One of city’s oldest facilities
The City of Palmdale was awarded a $4.15 million dollar grant for revitalization work at Melvin J. Courson Park, located at 38226 10th St. East as part of the $548.3 million California State Parks Awards in Grants to Create Local New Parks Across California as Part of Newsom Administration’s “Outdoors for All” Initiative.
Awarded through the Statewide Park Development and Community Revitalization Grant Program, the grants represent the single-largest investment in state history in expanding access to parks in underserved communities, with new or enhanced parks funded in every region of California.
Prior to applying for the grant, the City of Palmdale conducted a comprehensive study that gathered community input and provided guidance for future revitalization of Courson Park. Among the projects identified include a new bandstand/stage, challenge course, fitness zone with equipment, plaza/gathering space, decomposed granite walking/running path with exercise stations, group picnic pavilion with shade, playground, therapeutic/mediation garden, mural, restroom, maintenance storage building with fencing, individual picnic areas, public art, landscaping, park lighting, and parking lot renovation.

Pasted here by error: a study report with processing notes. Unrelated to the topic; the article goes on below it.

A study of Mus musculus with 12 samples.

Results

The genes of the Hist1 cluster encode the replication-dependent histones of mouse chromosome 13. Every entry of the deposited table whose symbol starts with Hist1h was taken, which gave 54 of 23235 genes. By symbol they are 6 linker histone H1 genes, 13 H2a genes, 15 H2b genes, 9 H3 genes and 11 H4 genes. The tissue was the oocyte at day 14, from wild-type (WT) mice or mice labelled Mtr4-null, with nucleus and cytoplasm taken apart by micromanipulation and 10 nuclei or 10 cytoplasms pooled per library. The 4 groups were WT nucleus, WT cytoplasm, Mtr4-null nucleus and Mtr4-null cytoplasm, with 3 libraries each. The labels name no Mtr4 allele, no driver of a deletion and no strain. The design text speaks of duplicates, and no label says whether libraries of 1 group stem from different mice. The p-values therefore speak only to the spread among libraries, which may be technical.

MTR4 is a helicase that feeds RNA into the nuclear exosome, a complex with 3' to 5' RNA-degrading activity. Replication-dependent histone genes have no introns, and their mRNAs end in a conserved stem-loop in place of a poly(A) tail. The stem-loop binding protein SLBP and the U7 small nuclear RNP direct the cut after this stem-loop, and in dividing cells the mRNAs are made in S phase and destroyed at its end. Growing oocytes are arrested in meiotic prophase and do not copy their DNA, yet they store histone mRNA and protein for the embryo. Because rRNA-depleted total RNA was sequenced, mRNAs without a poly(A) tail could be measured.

“This award will really help us continue the improvement work that has been going on at Courson Park,” said Palmdale Mayor Steve Hofbauer. “It may be one of our oldest City parks, but with the new pool and building and these upcoming renovations, it will be another jewel in our crown of beautiful Palmdale parks.”
“With Council’s full support, our staff worked very hard to put together a compelling case for Palmdale to receive this funding,” said Palmdale City Manager J.J. Murphy. “This is a big win for our community.”
“People from all over the world come to visit our state’s natural wonders, but too many Californians today lack access to parks and open space in their own neighborhoods,” said Gov. Gavin Newsom. “This historic investment will revitalize and create new parks in more than 100 local communities.”
The awards were funded by $153 million approved by the Legislature in the 2021-’22 state budget and $395.3 from the California Drought, Water, Parks, Climate, Coastal Protection, and Outdoor Access for All Act of 2018 (Proposition 68).